Sadly, I am often approached by photographers (and others) about infringement matters that look like good cases, until I review the registrations. There, I see legally challengeable issues that make taking the case on contingency impossible and which may even make a case a total loser. These creatives tell me “But I was told this was the rule by one of my colleagues!” or “I saw it on a professional org’s website” but, unless you talk to an attorney, you’re risking getting bad advice. There are a lot of copyright law myths out there. In this post, I’d like to bust some common registration-related myths, so you can register with confidence and in good (legal) time.

Myth 1. 

One may register a published work as unpublished as long as one registers it within 90 days of its first publication.

Completely wrong. Let me make this clear: one must never knowingly register a published work as unpublished. Ever. There is no way around it, short of lying, and lying is a very, very bad idea. Full stop. Accidentally registering under the wrong publication status can be bad; but registering published work as unpublished, knowing it was published, is a fast route to having the registration voided for that work. If you are litigating and you get busted for the “error,” you will quite possibly (I’d say probably) end up paying the other side’s attorneys’ fees when you lose your case. Ouch.

If you have registrations with such errors, they can be fixed, but it’ll cost you both in US Copyright Office fees and, probably, your own attorney’s fees. Also, you’re very likely going to get a new effective date which, as we’ll see below, can affect the value of your case. But it’s better to get those registrations fixed now than get caught in the lie later.

Myth 2.

A plaintiff who registers a work within 30 days (or 1 month) after discovering an infringement can get statutory damages for that infringement.

This is a misapplication of the section of copyright law regarding pre-registered works to all works. Pre-registration is a limited-use tool for very specific categories of works. Most creative works are not eligible for pre-registration and for many of you none of your work will ever be; but, under that specific bit of law, if work is pre-registered, then it can be timely registered up to a month after discovering an infringement. Again, this is for specific and very limited categories of works (see USCO) that you pre-registered properly in the first place. In other words, even if your work does fall into one of the categories where pre-registration is available, you can’t find an infringement and then pre-register the work and then register it within the one-month window (by the way, it is one calendar month, not 30 days).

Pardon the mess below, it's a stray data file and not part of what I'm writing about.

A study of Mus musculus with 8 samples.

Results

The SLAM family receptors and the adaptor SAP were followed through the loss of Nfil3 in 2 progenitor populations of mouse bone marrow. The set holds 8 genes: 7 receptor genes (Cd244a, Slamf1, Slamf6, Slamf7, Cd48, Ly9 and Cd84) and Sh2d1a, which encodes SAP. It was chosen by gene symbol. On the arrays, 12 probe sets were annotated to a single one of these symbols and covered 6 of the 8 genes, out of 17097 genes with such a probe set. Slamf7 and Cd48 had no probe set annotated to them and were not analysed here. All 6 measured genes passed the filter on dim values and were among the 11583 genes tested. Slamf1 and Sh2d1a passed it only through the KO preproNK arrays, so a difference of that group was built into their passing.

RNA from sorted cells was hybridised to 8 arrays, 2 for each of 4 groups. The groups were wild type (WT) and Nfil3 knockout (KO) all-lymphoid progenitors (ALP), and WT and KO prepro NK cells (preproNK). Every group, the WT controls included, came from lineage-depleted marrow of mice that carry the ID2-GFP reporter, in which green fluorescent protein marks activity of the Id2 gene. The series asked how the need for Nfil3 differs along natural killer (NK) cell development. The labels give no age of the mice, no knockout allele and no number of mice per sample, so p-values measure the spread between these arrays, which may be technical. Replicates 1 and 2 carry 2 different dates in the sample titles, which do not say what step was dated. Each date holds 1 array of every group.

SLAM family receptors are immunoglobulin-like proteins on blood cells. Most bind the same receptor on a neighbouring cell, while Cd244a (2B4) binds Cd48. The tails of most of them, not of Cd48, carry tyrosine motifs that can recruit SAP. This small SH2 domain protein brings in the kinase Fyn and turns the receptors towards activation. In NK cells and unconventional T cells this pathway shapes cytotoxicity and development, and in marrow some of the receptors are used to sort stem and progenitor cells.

Now, since most creative works will not qualify for pre-registration, this “month after” safe harbor simply does not apply to most works. If you haven’t pre-registered, then the usual timing rules apply (see Myth 3).

Myth 3.

A “timely” registration, meaning a plaintiff can get statutory damages and maybe attorney’s fees, is made either before the infringement complained of, or within 90 days of the work’s first publication.

This myth is close to the truth except that it has one important error: it is NOT 90 days but rather 3 calendar months after the first publication of the work. The courts will draw a very sharp line—no wiggle room—and three months is rarely 90 days. This seems nit-picky, but the law is nit-picky.

Also, that safe harbor is only for published work—unpublished work must be registered before the infringer first infringes on the work.

Myth 4.

You must register a work within X days (e.g., one month, 90 days, etc.) after its first publication or you can never get statutory damages for any infringement of that work.

Defendants love to try and argue this, but it’s wrong-wrong-wrong. Mostly, it’s a mix-up of the rule I just talked about in Myth 3 but, whether the defendant says “one month” or whatever, it’s wrong. In short, there is no cut-off on the time to register a work; but, if you wait more than three calendar months after you first publish work to register it, then you can’t get statutory damages unless the infringement started after the registration. You can register a work immediately after its creation or 10 years down the road and there is no difference in the remedies available for infringements that start after that registration. 

Don’t let infringers try to convince you otherwise—it can make a big difference in the value of your case.

©2020 Leslie Burns

Leslie Burns

Leslie Burns became a lawyer (licensed in California) after a career as a commercial photographers’ rep and consultant. Not surprisingly, her San Diego-based legal practice is centered on artists, especially photographers, whom she helps with copyright, small business, and other legal issues arising in their lives. She believes strongly in preventive and mindful lawyering, understanding that the best (and cheapest!) kind of legal help is the kind that prevents harm later. Learn more at Burns the Attorney or follow her on Twitter @burnsthelawyer.